The mammoth: a majestic creature that roamed the lonely wilds of North America, the vast expanses of Western Europe, and the harsh lands of northern Russia during the Pleistocene era, and which is generally accepted as having become extinct somewhere around the end of the last Ice Age. Today, all we have left of this huge, mighty beast are a number of well-preserved carcasses found embedded in icy tombs, and the various bone and tusk fragments that still continue to surface from time to time. Is it possible, though, that the mammoth lived longer than anyone could ever guess? Well, maybe. For example, the related dwarf mammoth of Wrangel Island – located in the Arctic Ocean and situated between the Chukchi Sea and the East Siberian Sea - is known to have lived until approximately 1700 to 1500 BC, which is itself startling and highly illuminating.
For years, intriguing and sensational rumors have surfaced to the effect that in some of the more remote parts of our planet the mammoth might have existed until very relatively times, blissfully unaware of what such a shocking and jaw-dropping revelation would have meant to the world’s zoological community of the 19th century, and possibly even into the 20th. And while such a scenario is certainly controversial, and one that is completely derided by mainstream science and zoology, perhaps it is not entirely out of the question. In the late 19th Century, for example, researcher Bengt Sjorgen learned that tales were both wildly and widely circulating in remote parts of Alaska about giant, hairy tusked creatures that lived deep under cover of the huge, ancient forests. Such reports of the "hairy elephants" in question extended to equally wild parts of both Canada and Siberia.
Similarly, in February 1888, the New Zealand-based Argus newspaper reported on the apparent discovery in Alaska of strange tracks that had been found by the Stick Indians in the vicinity of the White River. An Argus journalist stated: "One of the Indians said that while hunting, he came across an immense track sunk several inches in the moss and larger around than a barrel. The Indian followed up the curious trail, and at last came in full view of his game. These Indians as a class are the bravest of hunters, but the immense proportions of this new kind of game filled the hunter with fear, and he took to swift and immediate flight. He described it as being larger than the post trader’s store, with great shining, yellowish tusks, and a mouth large enough to swallow him at a single gulp."
Then, during October 1899, the story of one Henry Tukeman surfaced – a man who claimed to have killed a mammoth that was subsequently donated to the Smithsonian Institute, Washington, D.C. The tale was denounced as nothing more than a sensationalized hoax (which it probably was); however, some researchers still cling on to the belief that it just might have a grain of truth to it, and that the hoax angle was possibly introduced to try and lay the controversy firmly to rest. And also in the late 1800s, several reports of "large, shaggy beasts" were given to Russian authorities by Siberian tribesman, but no proof was ever forthcoming – some, of course, might say inevitably and conveniently. Moving on, Lindsay Selby says: "A Russian hunter claimed to have seen a pair of mammoths in 1918. This story was recorded by M. L. Gallon, the man in charge of the French Consulate in Vladivostok during the year 1920. Gallon claimed that the hunter did not understand what he meant when he referred to the beast as a mammoth, but the hunter simply maintained that it was similar to pictures of elephants he had seen. Although Gallon shared the story with friends when he returned to France later that year, he was not persuaded to publish the account until 1946."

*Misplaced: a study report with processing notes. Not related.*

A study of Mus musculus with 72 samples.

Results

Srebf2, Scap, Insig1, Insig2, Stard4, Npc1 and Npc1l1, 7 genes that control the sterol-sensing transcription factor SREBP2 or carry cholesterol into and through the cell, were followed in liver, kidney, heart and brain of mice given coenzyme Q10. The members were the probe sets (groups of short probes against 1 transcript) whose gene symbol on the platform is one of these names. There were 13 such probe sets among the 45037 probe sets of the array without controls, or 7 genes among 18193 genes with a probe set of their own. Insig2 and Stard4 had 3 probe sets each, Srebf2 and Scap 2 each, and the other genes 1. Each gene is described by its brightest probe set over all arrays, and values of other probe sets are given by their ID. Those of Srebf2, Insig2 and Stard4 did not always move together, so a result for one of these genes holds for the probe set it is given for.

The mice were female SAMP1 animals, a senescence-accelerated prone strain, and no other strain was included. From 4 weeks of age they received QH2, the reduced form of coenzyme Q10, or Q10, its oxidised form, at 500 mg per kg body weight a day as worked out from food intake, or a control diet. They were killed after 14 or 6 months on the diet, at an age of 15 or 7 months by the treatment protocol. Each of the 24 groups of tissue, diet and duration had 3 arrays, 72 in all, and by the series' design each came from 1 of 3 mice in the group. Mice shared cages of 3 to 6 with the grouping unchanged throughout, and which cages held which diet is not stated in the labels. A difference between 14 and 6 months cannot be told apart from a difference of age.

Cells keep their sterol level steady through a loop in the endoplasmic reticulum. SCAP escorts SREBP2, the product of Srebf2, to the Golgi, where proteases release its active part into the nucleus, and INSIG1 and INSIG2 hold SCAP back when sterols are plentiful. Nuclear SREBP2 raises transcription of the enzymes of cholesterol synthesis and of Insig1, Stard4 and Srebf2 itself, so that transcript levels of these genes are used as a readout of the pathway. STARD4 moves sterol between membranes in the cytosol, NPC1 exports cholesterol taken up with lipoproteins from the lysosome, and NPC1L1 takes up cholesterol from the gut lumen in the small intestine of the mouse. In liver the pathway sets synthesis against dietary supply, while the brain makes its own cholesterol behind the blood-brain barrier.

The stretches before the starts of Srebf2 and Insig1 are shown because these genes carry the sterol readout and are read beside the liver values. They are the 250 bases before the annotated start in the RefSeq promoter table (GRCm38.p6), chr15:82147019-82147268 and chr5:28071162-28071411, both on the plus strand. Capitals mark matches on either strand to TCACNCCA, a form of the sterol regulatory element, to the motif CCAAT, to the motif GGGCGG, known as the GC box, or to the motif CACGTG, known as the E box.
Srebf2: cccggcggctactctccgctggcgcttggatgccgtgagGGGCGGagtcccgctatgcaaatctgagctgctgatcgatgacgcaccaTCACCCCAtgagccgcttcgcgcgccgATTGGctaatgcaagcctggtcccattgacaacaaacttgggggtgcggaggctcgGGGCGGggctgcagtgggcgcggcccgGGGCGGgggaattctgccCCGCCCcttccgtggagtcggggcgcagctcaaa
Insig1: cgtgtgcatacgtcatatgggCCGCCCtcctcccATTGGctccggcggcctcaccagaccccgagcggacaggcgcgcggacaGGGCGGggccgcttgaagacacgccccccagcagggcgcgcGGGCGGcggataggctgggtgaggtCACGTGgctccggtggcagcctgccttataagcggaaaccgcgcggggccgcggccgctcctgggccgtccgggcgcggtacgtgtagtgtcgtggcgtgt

A further sighting allegedly occurred during the Second World War when a Soviet Air Force pilot reported seeing a small herd of such creatures while he was flying over the frozen wastelands of Siberia. And although this particular report is highly intriguing – in the sense that it suggests the mammoth may have been a resident of this planet up until extremely recent times – it frustrates researchers by virtue of the fact that trying to chase the story to its original source has not yet proven successful. In light of all the above, I give at least some credence to the possibility that mammoths lived far longer than we could ever have considered. As for that Second World War report, well, it certainly stretches credibility, but who knows? Could they have been the very last mammoths? Just maybe, that's exactly what they were. I like to think so.